March 23, 2022 @ 1:00 pm - 2:00 pm
Please join us for a Virtual Great Lakes Seminar Series presentation:
Time: 1:00-2:00 pm EST
Presenter: Jordon Beckler – Assistant Research Professor, Geochemistry and Geochemical Sensing Lab, Florida Atlantic University Harbor Branch Oceanographic Institute & Institute for Sensing and Embedded Network Systems Engineering (I-SENSE)
Title: The Harmful Algal Bloom Assessment of Lake Okeechobee (HALO): Innovative monitoring technologies providing multidisciplinary insights into HAB dynamics and internal nutrient loading
About the presentation: Annual blooms of Microcystis aeruginosa on Lake Okeechobee have increased in intensity over the last few decades, drastically affecting lake water quality and ecology as well as the health of surrounding coastal water bodies receiving lake inflows. As part of the State of Florida Harmful Algal Bloom (HAB) Innovative Technologies program, our team employed a comprehensive suite of innovative monitoring technologies alongside more conventional techniques over CY 2021to unravel HAB ecological, optical, and biogeochemical dynamics. Some techniques to be highlighted included remote sensing (satellite and a long-duration fixed-location i.e. Seaprism), in situ holography (AUTOHOLO), acoustic sensing (AZFP), an Autonomous Surface Vehicle, and fixed-location water quality sensors (LOBOs). This presentation will focus, however, on novel findings related to sediment biogeochemistry and internal nutrient loading. We combined routine sediment sampling and analyses with deployments of a novel benthic lander for in situ nutrient and toxin flux monitoring. To better understand the controls of sediment nutrient generation and release, we obtained voltammetric (electrochemical) measurements of the sediment respiratory environment (aerobic and anaerobic respiration). Findings suggest that both nitrogen and phosphorous speciation and solubility may be coupled to iron cycling via mineral associations and iron-catalyzed transformations, and that diffusive vs. resuspension fluxes play disparate roles with respect to nitrogen vs. phosphorous benthic fluxes. Overall, these dependencies may regulate both the intensity and timing of HABs over hourly to decadal timescales, with important implications for both passive and active mitigation strategies.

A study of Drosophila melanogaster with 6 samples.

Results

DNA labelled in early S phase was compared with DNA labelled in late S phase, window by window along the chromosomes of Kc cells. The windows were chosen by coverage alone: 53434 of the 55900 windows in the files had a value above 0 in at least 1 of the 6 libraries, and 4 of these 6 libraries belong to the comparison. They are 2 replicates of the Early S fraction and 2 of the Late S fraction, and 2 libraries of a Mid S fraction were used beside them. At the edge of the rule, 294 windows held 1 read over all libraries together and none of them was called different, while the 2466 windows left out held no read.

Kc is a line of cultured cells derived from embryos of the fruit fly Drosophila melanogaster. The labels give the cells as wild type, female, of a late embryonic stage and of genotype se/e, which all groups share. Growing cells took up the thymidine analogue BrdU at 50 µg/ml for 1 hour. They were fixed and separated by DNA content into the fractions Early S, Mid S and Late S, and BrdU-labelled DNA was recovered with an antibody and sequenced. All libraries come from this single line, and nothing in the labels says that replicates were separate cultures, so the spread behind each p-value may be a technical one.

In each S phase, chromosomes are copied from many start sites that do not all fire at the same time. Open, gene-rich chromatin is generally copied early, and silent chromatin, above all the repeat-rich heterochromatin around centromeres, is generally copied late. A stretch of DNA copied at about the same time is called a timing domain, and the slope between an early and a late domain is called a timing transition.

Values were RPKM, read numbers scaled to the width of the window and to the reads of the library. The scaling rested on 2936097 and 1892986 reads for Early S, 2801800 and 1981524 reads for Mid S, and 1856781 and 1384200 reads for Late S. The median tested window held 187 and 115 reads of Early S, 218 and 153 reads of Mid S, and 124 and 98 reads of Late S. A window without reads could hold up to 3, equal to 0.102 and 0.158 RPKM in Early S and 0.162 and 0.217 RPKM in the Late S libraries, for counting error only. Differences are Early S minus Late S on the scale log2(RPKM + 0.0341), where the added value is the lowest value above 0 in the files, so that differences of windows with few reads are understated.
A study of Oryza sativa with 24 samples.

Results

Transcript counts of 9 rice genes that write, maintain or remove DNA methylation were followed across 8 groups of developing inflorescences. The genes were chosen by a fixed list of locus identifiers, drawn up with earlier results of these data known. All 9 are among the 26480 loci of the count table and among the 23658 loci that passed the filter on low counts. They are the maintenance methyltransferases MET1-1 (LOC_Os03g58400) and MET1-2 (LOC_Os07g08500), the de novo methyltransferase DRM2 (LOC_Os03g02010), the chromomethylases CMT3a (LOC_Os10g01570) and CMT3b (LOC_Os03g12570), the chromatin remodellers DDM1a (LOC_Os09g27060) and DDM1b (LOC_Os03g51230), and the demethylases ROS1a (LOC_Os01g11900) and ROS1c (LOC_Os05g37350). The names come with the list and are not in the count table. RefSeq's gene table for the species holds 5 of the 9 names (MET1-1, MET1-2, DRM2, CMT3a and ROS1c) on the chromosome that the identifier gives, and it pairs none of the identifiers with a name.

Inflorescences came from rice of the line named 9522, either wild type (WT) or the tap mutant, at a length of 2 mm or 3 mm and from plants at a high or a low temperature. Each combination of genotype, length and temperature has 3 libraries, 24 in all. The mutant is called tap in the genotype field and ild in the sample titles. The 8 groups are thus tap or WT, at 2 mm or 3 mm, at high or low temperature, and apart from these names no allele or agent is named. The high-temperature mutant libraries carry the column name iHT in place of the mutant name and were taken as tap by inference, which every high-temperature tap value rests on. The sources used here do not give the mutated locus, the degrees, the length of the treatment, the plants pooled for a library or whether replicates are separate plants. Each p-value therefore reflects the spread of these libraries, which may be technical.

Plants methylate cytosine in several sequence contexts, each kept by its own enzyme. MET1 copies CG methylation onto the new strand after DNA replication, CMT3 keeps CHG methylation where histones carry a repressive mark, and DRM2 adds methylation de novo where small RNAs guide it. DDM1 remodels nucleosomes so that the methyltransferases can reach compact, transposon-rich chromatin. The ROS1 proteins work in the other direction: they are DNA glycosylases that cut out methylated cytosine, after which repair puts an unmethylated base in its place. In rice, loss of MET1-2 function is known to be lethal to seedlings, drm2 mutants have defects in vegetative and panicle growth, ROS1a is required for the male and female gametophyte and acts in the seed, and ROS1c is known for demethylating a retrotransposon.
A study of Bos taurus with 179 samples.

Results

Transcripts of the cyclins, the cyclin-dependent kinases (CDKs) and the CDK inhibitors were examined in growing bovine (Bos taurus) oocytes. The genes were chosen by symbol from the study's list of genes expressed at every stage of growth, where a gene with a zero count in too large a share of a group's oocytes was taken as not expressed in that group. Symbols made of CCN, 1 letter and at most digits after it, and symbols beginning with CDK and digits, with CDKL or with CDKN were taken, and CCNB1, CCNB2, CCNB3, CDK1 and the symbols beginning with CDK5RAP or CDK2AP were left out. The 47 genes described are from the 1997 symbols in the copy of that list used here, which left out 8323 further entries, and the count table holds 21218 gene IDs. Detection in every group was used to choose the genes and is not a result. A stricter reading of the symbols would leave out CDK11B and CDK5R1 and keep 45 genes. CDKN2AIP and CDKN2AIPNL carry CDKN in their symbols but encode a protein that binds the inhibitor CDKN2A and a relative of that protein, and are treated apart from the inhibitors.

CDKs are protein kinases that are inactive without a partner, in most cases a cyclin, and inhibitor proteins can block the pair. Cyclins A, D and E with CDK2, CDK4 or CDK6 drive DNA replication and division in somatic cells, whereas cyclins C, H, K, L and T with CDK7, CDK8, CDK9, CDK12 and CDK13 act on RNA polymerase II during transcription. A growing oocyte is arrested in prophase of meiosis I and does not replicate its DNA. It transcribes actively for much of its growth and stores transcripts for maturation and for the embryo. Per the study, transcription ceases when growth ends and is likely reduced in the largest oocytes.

About the speaker: Dr. Beckler is an Assistant Research Professor at Florida Atlantic University, with a joint appointment with the Harbor Branch Oceanographic Institute, the Institute of Sensing and Embedded Network and Systems Engineering (I-SENSE), and the Chemistry Department. As the PI of the Geochemistry and Geochemical Sensing Lab, his group’s research centers around unraveling sediment biogeochemical processes in near-surface sediments and connections to ecosystem health. The lab develops and commercializes innovative technologies for monitoring sediment geochemistry (microbial respiration pathways/redox/nutrients) and exchanges with the water column (benthic fluxes). Current projects include monitoring Lake Okeechobee harmful algae blooms (FL DEP, EPA), the fluxes of carbon, iron, and CDOM from continental margin areas (NASA), and the exploration of submarine sink “blue holes” offshore in the Gulf of Mexico (NOAA).
**Registration is not required**
Questions? Contact Mary Ogdahl: firstname.lastname@example.org
Visit ciglr.seas.umich.edu for more information.